Down Under

Level 4, top of stairs near Market Coins

Level 4, top of stairs near Market Coins

Walk down the ramp, and north through the building, and up to the 4th floor stairs, near the Market Coin Shop.

Meanwhile, the Goodwins had been slowly creating more space for farm stalls along the western slope leading down from Pike Place. In 1911, two additional floors were constructed below the Pike Place level of the Leland Hotel, three floors added below the Fairley Building. The spaces created with these projects were used primarily by retail food merchants. The Down Under was more or less finished in 1914 as a 240-foot long, six-story addition snaking down to Western Avenue. This spare, utilitarian design created about 100 shop spaces. Farm tables and additional restrooms were added at a lower mezzanine level next to a cave-like office, barely large enough for two desks and two chairs, that Frank Goodwin would use to run Market affairs from 1914 until his nephew Arthur took over the Company and moved his office to the far-more-dramatic second floor of the Economy Market.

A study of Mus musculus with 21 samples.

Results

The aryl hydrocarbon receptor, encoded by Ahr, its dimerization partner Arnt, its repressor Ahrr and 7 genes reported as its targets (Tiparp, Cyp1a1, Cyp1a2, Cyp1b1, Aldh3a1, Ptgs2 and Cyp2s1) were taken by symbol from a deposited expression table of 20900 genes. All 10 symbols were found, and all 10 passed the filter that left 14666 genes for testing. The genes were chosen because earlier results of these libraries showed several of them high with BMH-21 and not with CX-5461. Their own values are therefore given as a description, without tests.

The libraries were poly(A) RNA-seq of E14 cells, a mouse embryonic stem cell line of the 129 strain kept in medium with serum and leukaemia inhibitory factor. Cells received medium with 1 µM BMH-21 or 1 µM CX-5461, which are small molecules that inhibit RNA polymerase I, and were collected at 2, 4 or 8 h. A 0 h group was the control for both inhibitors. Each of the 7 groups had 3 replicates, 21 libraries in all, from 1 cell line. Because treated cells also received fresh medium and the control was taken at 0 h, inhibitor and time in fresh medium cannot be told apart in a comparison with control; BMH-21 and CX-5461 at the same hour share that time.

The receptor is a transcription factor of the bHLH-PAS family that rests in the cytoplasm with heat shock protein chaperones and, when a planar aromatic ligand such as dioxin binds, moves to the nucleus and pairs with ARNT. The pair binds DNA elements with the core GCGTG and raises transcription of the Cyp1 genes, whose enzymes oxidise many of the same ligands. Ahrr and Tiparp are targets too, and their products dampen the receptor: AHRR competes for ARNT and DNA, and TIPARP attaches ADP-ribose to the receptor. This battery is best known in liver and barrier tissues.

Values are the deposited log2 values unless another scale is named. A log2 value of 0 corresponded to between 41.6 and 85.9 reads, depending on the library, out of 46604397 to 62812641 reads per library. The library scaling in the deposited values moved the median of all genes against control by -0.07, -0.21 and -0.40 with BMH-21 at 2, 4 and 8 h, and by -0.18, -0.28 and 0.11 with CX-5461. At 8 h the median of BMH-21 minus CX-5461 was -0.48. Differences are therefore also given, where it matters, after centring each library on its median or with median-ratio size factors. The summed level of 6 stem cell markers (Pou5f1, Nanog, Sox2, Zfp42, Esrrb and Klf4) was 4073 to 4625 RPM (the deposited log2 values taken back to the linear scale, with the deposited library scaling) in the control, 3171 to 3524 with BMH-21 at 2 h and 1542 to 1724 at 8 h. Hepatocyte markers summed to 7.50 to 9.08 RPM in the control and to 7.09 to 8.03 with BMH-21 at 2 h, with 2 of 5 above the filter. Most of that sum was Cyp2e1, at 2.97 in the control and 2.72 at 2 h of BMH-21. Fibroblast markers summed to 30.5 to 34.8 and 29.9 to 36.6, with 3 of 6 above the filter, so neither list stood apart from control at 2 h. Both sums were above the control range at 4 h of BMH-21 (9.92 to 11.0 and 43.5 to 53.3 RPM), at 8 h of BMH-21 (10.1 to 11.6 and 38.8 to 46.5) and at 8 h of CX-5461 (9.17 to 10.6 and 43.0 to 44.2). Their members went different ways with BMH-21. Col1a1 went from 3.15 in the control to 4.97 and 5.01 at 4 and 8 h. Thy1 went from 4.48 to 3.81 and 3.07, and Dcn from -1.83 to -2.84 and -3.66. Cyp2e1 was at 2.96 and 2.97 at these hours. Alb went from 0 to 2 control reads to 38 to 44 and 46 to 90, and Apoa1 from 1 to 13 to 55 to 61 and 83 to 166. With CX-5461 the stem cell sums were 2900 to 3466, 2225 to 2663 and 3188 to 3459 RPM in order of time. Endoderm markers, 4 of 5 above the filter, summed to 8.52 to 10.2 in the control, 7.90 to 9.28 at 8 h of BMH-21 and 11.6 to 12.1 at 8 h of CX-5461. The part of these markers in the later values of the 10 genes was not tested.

During a period of controversy in 1921-22 over the use of Pike Place for the sale of farm produce, additional farm stalls were added in the Down Under. During this same period, a second six-story addition was made to the Fairley Building, which connected the north end of the Down Under to the North Arcade, then being improved as part of a new Municipal Market Building on Western Avenue. Throughout the Down Under, the austere, utilitarian aesthetic of Frank Goodwin’s time running the Market can still be seen in the rough-hewn painted wooden pillars anchoring the building to the hillside.

Restaurants, a creamery, a butcher shop and a grain market and a printing press were housed in this new addition. The lowest two floor levels included refrigerated storage, and fruit and grain warehouse space. In 1922, the Seattle Public Library opened a branch in a former groceteria next to a donut shop and above a lard-rendering plant in one of the basements, which quickly became the city’s most active branch, although it would close down during the Great Depression. The Down Under would later be home to the original location of DeLaurenti’s, Liberty Malt Shop, a Goodwill, and rummage shops. Today the second floor is home to the Market’s pre-school.